If you haven’t already heard, the Broadway star Lin-Manuel Miranda has taken his critically-acclaimed musical In the Heights to the big screen. It was released last week in theaters and on HBO Max, and it seems that it’s all anyone can talk about. But the conversations don’t just focus on the film’s material; In the Heights is being criticized for its problematic colorism.
Miranda first found success after writing In the Heights in 2005, which then made its way to Broadway in 2008. The musical surrounds the Latinx community in Washington Heights, and the narrative follows a range of characters, all with different dreams and struggles.
Miranda’s fame grew with the success of Hamilton. The musical received praise for its ingenuity and diverse casting of Latinx and Black performers for the roles of America’s white founding fathers.
Like Miranda’s other works, his new movie displays a deeply talented cast with eloquently written songs. However, the film adaptation of In the Heights
Colorism in ‘In the Heights,’ Lin-Manuel Miranda responds
A lot of people feel that In the Heights failed to adequately represent the Afro-Latino population of Washington Heights. Lin-Manuel Miranda intended for the musical and movie to artistically and accurately portray a community that society often ignores.
He tells Comedy Central’s The Daily Show with Trevor Noah, “Your job as an artist is to write what’s missing. All I want is for this neighborhood [Washington Heights] to feel seen.”
Unfortunately, Miranda fell short. The Latinx community is a diverse group, so many argue that the makers of In the Heights were practicing colorism by omitting dark-skinned and Afro-Latinx actors.
For those who don’t know, Alice Walker coined the term “Colorism” to describe how people of color with lighter skin may experience more privilege than people of color with darker skin.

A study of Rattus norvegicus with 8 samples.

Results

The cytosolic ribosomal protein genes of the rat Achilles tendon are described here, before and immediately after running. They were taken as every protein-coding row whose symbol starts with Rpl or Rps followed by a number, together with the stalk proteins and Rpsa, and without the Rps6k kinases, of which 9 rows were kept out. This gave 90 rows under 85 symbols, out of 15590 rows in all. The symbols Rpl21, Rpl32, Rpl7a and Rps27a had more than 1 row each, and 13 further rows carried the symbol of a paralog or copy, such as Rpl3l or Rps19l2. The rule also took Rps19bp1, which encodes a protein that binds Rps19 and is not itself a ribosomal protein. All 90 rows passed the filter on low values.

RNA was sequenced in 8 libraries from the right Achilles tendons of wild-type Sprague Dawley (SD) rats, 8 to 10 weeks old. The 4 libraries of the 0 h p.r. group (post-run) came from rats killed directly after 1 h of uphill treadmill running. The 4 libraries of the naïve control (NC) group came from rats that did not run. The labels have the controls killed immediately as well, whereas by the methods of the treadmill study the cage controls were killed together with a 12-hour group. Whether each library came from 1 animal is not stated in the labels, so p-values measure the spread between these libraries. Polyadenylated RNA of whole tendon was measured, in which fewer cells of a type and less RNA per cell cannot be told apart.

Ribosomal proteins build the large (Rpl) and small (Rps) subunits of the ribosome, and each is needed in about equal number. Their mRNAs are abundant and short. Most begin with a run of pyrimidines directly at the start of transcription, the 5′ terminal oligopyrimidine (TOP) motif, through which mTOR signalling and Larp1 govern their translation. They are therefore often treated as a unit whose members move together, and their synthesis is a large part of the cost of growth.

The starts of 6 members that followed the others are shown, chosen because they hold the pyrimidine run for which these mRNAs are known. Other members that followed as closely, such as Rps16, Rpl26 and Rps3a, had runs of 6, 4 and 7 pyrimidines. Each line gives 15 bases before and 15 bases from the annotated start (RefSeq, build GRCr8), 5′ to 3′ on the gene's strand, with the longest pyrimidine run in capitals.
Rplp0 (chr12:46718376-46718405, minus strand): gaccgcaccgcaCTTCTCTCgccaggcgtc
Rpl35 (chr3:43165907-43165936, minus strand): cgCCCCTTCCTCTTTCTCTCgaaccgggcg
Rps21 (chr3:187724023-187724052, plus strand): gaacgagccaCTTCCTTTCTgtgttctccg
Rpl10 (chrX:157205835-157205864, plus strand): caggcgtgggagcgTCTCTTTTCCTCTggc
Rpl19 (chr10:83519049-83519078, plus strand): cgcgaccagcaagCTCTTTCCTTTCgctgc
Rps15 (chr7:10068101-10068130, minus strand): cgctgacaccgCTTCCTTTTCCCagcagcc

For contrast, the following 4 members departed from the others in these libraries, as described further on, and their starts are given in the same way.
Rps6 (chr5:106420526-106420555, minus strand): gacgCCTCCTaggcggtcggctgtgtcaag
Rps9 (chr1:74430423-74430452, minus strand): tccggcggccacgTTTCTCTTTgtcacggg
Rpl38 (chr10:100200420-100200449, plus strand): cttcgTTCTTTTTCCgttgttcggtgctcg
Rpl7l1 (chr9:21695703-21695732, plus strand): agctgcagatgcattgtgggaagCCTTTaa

Three days after the film’s release, Miranda tweeted an apology statement:
Reframing his mistakes
We can learn from Miranda’s mistakes, as he would wish us to, but we can also learn from his progressive response to criticism.
In Miranda’s interview on Comedy Central’s The Daily Show with Trevor Noah, he responds to these critiques thoughtfully as he did in his apology statement.
When asked about the Afro-Latinx community who spoke up about not feeling seen in In The Heights, Miranda replies, “You have to acknowledge that and let it in…all I can do is learn from it and promise to do better. When you make something, you’re creating a frame,” and you have to acknowledge when you’ve left people out of that frame.
Miranda cannot take back the mistakes he made with the film, but he can apply what he’s learned to his next project. He tells The Daily Show with Trevor Noah,
I’m happy to take the learning from it and bring that to the next one and also Hold space to be proud of the thing we made that has been half my life. I have to be able to hold both those things because they’re both true.Lin-Manuel Miranda
Despite his shortcomings, Miranda promises to improve. This open-mindedness can only bolster his talent as an artist.
Whether it is a musical or movie, In The Heights and others need to preach accuracy and inclusivity, and to be conscience about colorism. I think I speak for most of us when I say we’re eager to see what he comes up with next.